Philosophy professor to retire after 37 years at U

Naomi Scheman helped launch the U’s gender, women and sexuality studies department.

Naomi Scheman, a professor of Philosophy and Gender, Women's and Sexuality Studies, poses in a conference room in Ford Hall on Tuesday. Scheman has served as both the chair of the Gender, Women's and Sexuality Studies department and as the Director of Graduate Studies, and will be retiring at the end of Spring semester.

Kathryn Chlystek

Naomi Scheman, a professor of Philosophy and Gender, Women’s and Sexuality Studies, poses in a conference room in Ford Hall on Tuesday. Scheman has served as both the chair of the Gender, Women’s and Sexuality Studies department and as the Director of Graduate Studies, and will be retiring at the end of Spring semester.

David Minor

A soon-to-retire professor will be remembered for her sneaky tactics, an inclusive demeanor and a propensity to snooze during presentations.
 
 
University of Minnesota philosophy professor Naomi Scheman is retiring after 37 years of teaching at the school. Her colleagues say she’ll be best known for her work to establish the department of gender, women and sexuality studies and her dedication to faculty governance at the school.
 
 
Scheman completed her undergraduate education at Barnard College in New York, where she took her first philosophy class.
 
 
“It felt like hearing my native language for the first time,” she said.
 
 
In 1971, Scheman graduated from Harvard University with a master’s degree in philosophy. After a four-year stint as a lecturer and assistant professor at the University of Ottawa — she also earned her doctorate in philosophy at Harvard in 1978 — Scheman arrived at the University of Minnesota.
 
 
She said she quickly became involved in what was then the women’s studies program and helped it evolve into the department of gender, women and sexuality studies.
Scheman said she helped turn the program to a full department in a “stealth way.”
 
 
Instead of going through all the official steps, she ordered new stationary that read “Women’s Studies Department” instead of women’s studies program. She also began correcting people when they said “program.”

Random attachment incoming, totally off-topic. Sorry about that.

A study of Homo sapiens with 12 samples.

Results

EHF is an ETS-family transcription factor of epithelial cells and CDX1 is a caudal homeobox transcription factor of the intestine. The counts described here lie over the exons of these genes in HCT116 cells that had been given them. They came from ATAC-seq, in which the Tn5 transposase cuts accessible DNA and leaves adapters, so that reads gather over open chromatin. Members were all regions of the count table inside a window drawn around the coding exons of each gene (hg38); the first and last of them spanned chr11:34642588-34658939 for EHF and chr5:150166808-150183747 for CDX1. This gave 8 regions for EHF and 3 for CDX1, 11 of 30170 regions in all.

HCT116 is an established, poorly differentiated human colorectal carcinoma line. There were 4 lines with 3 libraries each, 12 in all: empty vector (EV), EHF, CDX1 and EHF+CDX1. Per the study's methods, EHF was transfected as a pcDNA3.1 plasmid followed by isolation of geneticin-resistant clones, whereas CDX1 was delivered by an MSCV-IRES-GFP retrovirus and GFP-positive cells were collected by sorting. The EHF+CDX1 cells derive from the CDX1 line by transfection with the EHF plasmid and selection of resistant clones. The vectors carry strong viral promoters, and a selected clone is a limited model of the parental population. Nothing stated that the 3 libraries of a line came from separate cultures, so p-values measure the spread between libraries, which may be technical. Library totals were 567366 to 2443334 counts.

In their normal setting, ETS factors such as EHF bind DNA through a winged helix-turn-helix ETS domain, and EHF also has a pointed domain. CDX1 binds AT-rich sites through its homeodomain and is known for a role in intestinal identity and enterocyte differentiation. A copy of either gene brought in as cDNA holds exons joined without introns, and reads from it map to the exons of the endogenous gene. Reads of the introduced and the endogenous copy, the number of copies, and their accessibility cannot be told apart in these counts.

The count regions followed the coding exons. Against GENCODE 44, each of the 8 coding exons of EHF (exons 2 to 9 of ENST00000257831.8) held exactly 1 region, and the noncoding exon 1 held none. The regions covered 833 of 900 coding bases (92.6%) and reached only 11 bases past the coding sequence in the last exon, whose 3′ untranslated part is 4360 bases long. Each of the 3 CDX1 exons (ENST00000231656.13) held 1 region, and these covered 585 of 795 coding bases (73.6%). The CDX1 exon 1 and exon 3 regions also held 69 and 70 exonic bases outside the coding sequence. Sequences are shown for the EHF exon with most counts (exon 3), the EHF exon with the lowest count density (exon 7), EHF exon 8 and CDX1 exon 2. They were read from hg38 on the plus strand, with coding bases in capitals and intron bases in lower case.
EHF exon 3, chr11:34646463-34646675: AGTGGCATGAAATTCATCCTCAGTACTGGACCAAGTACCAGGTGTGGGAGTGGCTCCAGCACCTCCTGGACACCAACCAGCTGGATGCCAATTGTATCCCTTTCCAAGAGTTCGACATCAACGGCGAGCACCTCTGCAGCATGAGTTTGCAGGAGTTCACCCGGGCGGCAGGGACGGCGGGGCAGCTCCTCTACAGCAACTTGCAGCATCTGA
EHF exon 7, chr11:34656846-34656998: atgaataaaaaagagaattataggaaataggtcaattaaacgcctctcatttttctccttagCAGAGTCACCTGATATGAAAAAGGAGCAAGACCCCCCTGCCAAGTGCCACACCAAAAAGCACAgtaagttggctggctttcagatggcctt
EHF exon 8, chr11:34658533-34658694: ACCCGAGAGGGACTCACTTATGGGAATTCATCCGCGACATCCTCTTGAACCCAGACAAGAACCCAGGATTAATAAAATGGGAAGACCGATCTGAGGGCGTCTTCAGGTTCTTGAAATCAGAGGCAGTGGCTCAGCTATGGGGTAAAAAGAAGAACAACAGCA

“Eventually, everybody just called it a department,” Scheman said. There is no official record of the change, she said.
 
 
“I think in some ways she is a superhero because she’s never willing to stop,” said Jigna Desai, the chair of the gender, women and sexuality studies department. 
She asks the hard questions and goes places where people might not want to go, Desai said.
 
 
Scheman will sometimes doze off during presentations, Desai said, but she always wakes up and asks “the most brilliant question.”
 
 
“She’s present. Even when you don’t think she’s present, she’s always engaged,” Desai said. “She’s a philosopher on the ground.” 
 
 
Scheman said she would describe her research method as “hangout and schmooze,” which doesn’t work very well when applying for research grants. Her method only works when people want to hang out and have fun, she said. 
 
 
“What’s really excited me about being here is all of the wandering I get to do,” Scheman said.
 
 
While at the University of Minnesota, she has concentrated on defining the purpose of the University, Scheman said, and has spent a lot of her time exploring the trust between community and a university. 
 
 
Scheman is has also been a member of the University of Minnesota’s Faculty Senate for more than 30 years. She will receive an awardThursday for outstanding service to University of Minnesota governance.
 
 
She was nominated by Desai and Teri Caraway, a political science professor who served on the faculty affairs committee this year.
 
 
“She makes such thoughtful and incisive contributions to the discussions we have in governance,” Caraway said. “Even people who disagree with her have an enormous amount of respect for her because of the way she is able to engage others.” 
 
 
Scheman said she likes to talk about stones and sand as metaphors for uniting a community of voices into one.
 
 
“If I throw a pile of sand at the window, nothing’s going to happen,” Scheman said. “If I throw a stone at the window, I might actually break it.”
 
 
After her retirement from the University of Minnesota, she said she plans to move to Boston, where many of her philosophy colleagues live.
 
 
She also hinted at the possibility of writing a book that explores the idea of stones, what makes something a “thing” and connecting that to the purpose of universities.
 
 
She also plans on returning to Umea, Sweden, where she taught as a guest professor, she said, and didn’t rule out giving talks at varying spots around the world. 
 
 
In the end, Scheman said she hopes her contributions at the University of Minnesota have made a difference for those she has interacted with.
 
 
“I can say I have absolutely loved it. I can hope that it’s also helped to make this small corner of the world a better place,” she said.